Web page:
Tuesday, December 8, 2015

Christmas Favorites: The Muppet Christmas Carol

Ok, ok, ok. So, out of all of the A Christmas Carol movie versions, this one is hands down my absolute favorite. And I know what you're thinking. "But it isn't true to the book! Isn't that kind of a big deal for you?"

Well, normally, yes. I'm usually a pretty big stickler for movie adaptations staying true to their source material. But I'm giving this one a pass for two reasons: 1) its target audience is little kids. Come on. How faithful can you expect it to be? And b) while it may not be true to the letter of the book, it's certainly true to the spirit of it. I can't think of any other version of this story that will give me the warm fuzzies like this one does. So, let's dive right in, shall we?
The first Muppet film made after the death of the amazing Jim Henson was a very big deal. Would the franchise be able to survive without his visionary genius behind it? I think this is proof that it most certainly could. And were he alive, I think he would have been proud of what his son Brian was able to accomplish with this film. I love positively, absolutely everything about it.

Most versions don't include any sort of narration, or, if they do, very little. I find that rather sad because a lot of the magic of the story isn't so much the plot itself as it is Dickens's fantastic way with words. In this version, Dickens himself is actually a character, tour-guiding you through the story personally. Of course, Dickens in this case is the Great Gonzo, but that really only makes it better. As he tells the story to Rizzo, we see the other Muppet characters assume roles in the story, something the Muppets had never done before. Kermit and Piggy are Mr. and Mrs. Cratchit, with nephew Robin as Tiny Tim. There's Fozzie Bear as Fezziwig (or Fozziwig, in this case), Sam the Eagle as Scrooge's schoolmaster, and Statler and Waldorf as Scrooge's former business partners Jacob and Robert Marley. (See what they did there?) Several other new Muppets were created for the various roles of the three Spirits of Christmas. All of the performances are, of course, brilliant. It's hard to make a piece of felt emote to the point where we get misty-eyed, but the Muppeteer performers manage to pull it off big time.

But Muppeteers aside, the best performance in this entire film is Michael Caine's Scrooge. As far as I'm concerned, he is Scrooge. There will never be a better one in my opinion.  Playing the role of Scrooge is already a monumental task. Playing opposite Muppets and interacting with them as though they were as real as you or I is a monumental task. Being able to do both and do them well is nothing short of genius at work. It's a testament to the acting abilities of a Hollywood legend and I'm glad he did.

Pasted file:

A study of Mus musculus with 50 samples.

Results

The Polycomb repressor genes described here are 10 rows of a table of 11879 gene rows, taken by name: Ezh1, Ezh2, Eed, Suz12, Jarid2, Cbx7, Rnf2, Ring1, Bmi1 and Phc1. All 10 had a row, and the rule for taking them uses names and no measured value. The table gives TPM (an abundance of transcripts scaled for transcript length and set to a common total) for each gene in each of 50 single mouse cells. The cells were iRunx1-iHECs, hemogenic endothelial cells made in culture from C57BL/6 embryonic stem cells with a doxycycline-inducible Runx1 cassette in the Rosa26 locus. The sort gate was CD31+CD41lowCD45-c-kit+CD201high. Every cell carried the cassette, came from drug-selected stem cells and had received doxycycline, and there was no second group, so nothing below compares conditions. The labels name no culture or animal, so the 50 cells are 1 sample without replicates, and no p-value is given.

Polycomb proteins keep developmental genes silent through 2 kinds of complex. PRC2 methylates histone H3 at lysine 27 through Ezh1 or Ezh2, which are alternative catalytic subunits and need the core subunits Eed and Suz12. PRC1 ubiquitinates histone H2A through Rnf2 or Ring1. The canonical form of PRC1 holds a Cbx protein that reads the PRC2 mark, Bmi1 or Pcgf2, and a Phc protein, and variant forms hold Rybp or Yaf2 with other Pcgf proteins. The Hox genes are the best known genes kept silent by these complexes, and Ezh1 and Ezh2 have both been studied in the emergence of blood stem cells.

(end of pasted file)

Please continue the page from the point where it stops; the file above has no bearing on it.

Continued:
Hats off to you, sir!
But perhaps the one thing that makes this my favorite version of this movie is the music. After all, what's a Muppet film without a good soundtrack, amiright? There isn't a bad song in this movie. Seriously. The soundtrack of this film alone will put you in the holiday spirit. You're already heard one of them if you've been following my 25 Days of Crazy Christmas Songs series. It's got a Broadway quality to it. The songs are fun, catchy, touching, and very well written and performed.

There is one gripe I have about the film, and it really has nothing to do with the film itself, but rather what the editors did to it after its theatrical release. The scene in which Belle and Scrooge call off their engagement originally had a song called "When Love is Gone". It was included in the initial print of VHS tapes, but was cut out of later prints and the DVD version. Most of us 90s kids who were fans of the movie just the way it was were sorely disappointed. The reasoning behind the cut was that younger kids found it boring, but those of us who were old enough to truly appreciate the film for what it was have been petitioning Disney (who was the distributor at the time and currently owns the rights to the Muppets) to put it back in subsequent releases. Thus far, our cries have fallen on deaf ears. It's a real shame because its absence leaves a huge (and rather obvious) jump cut right in the middle of the film, and makes the end-of-movie reprise sounds out of place. (Sound Familiar?) If you can get your hands on an original uncut VHS, by all means do so. If not, well, then, enjoy this.


Seeing as how that's my only problem with this movie, I say again and again and a thousand times again, if you haven't seen it, definitely do. With warmth, wit, a good dose of humor, and a nod to Someone who "made lame beggars walk and blind men see", it's sure to become a holiday classic in your family.